Employment laws exist to protect workers against exploitation; however, it can be difficult for them to do this when workers are so often underinformed as to what their rights are. Below are answers to five of the most common — and most commonly misunderstood — employment-related questions you might have:
- What Is At-Will Employment?
Most employment in the United States is “at will,” meaning that an employer can fire you at any time even if you have done nothing wrong. Your employer is not required to tell you why you are being dismissed, or give you a warning. However, there are some important limits in place; you cannot, for example, be fired based on discrimination against your race, color, religion, sex, national origin or disability status. Some jurisdictions expand protections to other categories such as pregnancy or sexual orientation.
- What Counts as Sexual Harassment?
There are two general categories under which sexual harassment falls. The first is the creation of a hostile work environment. This could be created by someone telling vulgar jokes, making up rumors, displaying pornographic materials, etc. The second is called quid pro quo, and occurs when someone offers favors or threatens you based on your willingness to engage in sexual acts.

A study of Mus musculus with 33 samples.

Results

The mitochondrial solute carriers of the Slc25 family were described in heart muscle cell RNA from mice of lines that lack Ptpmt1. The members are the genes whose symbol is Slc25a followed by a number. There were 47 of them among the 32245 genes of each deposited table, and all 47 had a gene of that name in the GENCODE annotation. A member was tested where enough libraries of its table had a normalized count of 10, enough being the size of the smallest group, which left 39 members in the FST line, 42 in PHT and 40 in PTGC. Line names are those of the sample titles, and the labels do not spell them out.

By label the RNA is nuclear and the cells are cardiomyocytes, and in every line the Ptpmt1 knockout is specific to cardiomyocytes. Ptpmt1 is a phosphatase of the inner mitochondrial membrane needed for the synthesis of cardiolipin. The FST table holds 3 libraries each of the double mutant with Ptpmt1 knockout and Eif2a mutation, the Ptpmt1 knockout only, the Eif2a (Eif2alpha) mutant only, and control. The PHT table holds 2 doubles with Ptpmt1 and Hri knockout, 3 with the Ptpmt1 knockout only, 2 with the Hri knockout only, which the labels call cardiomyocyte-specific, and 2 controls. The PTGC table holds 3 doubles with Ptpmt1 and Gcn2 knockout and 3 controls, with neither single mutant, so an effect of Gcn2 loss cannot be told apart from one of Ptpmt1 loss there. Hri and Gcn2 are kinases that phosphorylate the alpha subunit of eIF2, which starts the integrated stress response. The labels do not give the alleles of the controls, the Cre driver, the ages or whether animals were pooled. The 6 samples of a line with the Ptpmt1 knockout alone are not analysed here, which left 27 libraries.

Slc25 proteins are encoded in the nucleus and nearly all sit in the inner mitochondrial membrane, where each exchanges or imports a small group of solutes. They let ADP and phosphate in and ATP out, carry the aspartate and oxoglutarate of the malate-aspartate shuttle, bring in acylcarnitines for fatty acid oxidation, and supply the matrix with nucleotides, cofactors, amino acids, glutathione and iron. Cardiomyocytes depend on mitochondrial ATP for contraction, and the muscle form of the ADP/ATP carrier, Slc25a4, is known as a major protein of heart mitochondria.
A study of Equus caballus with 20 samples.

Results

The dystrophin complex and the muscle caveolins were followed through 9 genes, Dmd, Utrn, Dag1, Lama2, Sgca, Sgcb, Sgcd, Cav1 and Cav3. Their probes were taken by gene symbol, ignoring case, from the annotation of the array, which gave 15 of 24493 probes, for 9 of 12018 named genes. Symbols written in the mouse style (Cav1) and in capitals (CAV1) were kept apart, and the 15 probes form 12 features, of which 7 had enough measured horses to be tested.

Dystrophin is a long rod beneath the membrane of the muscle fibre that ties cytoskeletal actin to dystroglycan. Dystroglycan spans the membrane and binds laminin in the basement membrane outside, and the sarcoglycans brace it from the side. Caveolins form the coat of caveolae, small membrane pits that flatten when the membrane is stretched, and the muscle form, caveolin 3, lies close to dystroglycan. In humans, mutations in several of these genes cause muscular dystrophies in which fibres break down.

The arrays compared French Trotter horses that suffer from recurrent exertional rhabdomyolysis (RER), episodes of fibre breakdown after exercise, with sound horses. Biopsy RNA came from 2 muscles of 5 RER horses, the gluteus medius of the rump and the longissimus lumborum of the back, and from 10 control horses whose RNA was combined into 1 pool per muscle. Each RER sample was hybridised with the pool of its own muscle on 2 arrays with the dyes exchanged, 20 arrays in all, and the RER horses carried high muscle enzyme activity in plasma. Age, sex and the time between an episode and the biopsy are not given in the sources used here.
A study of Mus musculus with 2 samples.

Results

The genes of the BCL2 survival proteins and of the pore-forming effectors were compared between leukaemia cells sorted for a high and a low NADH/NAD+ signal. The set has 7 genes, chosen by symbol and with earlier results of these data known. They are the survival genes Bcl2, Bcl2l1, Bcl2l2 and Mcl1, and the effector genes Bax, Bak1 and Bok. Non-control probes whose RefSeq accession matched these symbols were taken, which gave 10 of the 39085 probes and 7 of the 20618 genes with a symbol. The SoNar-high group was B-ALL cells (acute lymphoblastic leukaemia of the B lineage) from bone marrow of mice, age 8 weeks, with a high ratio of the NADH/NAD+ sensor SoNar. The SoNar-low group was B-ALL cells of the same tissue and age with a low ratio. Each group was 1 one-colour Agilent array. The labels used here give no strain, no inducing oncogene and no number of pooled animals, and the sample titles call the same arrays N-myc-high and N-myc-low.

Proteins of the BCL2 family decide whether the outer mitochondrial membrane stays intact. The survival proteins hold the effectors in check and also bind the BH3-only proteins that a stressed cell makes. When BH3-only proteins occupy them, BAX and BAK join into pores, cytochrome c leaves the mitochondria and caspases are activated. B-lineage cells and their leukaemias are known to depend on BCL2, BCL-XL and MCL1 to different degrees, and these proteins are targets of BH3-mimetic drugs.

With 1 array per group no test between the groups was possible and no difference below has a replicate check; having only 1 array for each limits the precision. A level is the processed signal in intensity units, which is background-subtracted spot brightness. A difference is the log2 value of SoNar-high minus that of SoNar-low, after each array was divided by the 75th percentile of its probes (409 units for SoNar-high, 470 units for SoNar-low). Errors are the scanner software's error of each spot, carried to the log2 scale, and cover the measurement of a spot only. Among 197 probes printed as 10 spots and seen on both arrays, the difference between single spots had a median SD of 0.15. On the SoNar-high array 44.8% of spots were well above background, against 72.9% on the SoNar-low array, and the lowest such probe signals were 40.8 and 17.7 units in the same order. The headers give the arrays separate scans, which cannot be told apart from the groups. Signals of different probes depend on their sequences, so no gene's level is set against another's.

- Am I Entitled to Overtime Pay?
This issue is more complicated than you might think. The first thing to check is whether your employer is governed by the Fair Labor Standards Act (most are). But then you must figure out whether you are an “exempt” or “nonexempt” employee. Employees who are exempt — normally managers, independent contractors, some salespeople and other groups — are not entitled to overtime pay, even if they work more than 40 hours in a week.
- What If I Get Fired for Speaking Up?
You might be afraid to stand up for your rights as an employee because you can’t afford to be fired. It’s important, however, to know that employers are prohibited from retaliating against an employee who insists on his or her rights or points out a violation of labor laws. If you have been fired for doing this, then you need to talk to employment rights attorneys about a wrongful dismissal lawsuit.
- When Do I Need an Employment Lawyer?
In general, it’s always best to try to handle issues through your company’s internal hierarchy before filing a lawsuit; this can help you avoid litigation altogether in many cases, and strengthen your claim later if you do have to go to court. However, you may want to consult with an employment lawyer earlier than that in order to determine whether your grievance is backed up by the law.
What other questions would you like to ask employment lawyers? Join the discussion in the comments.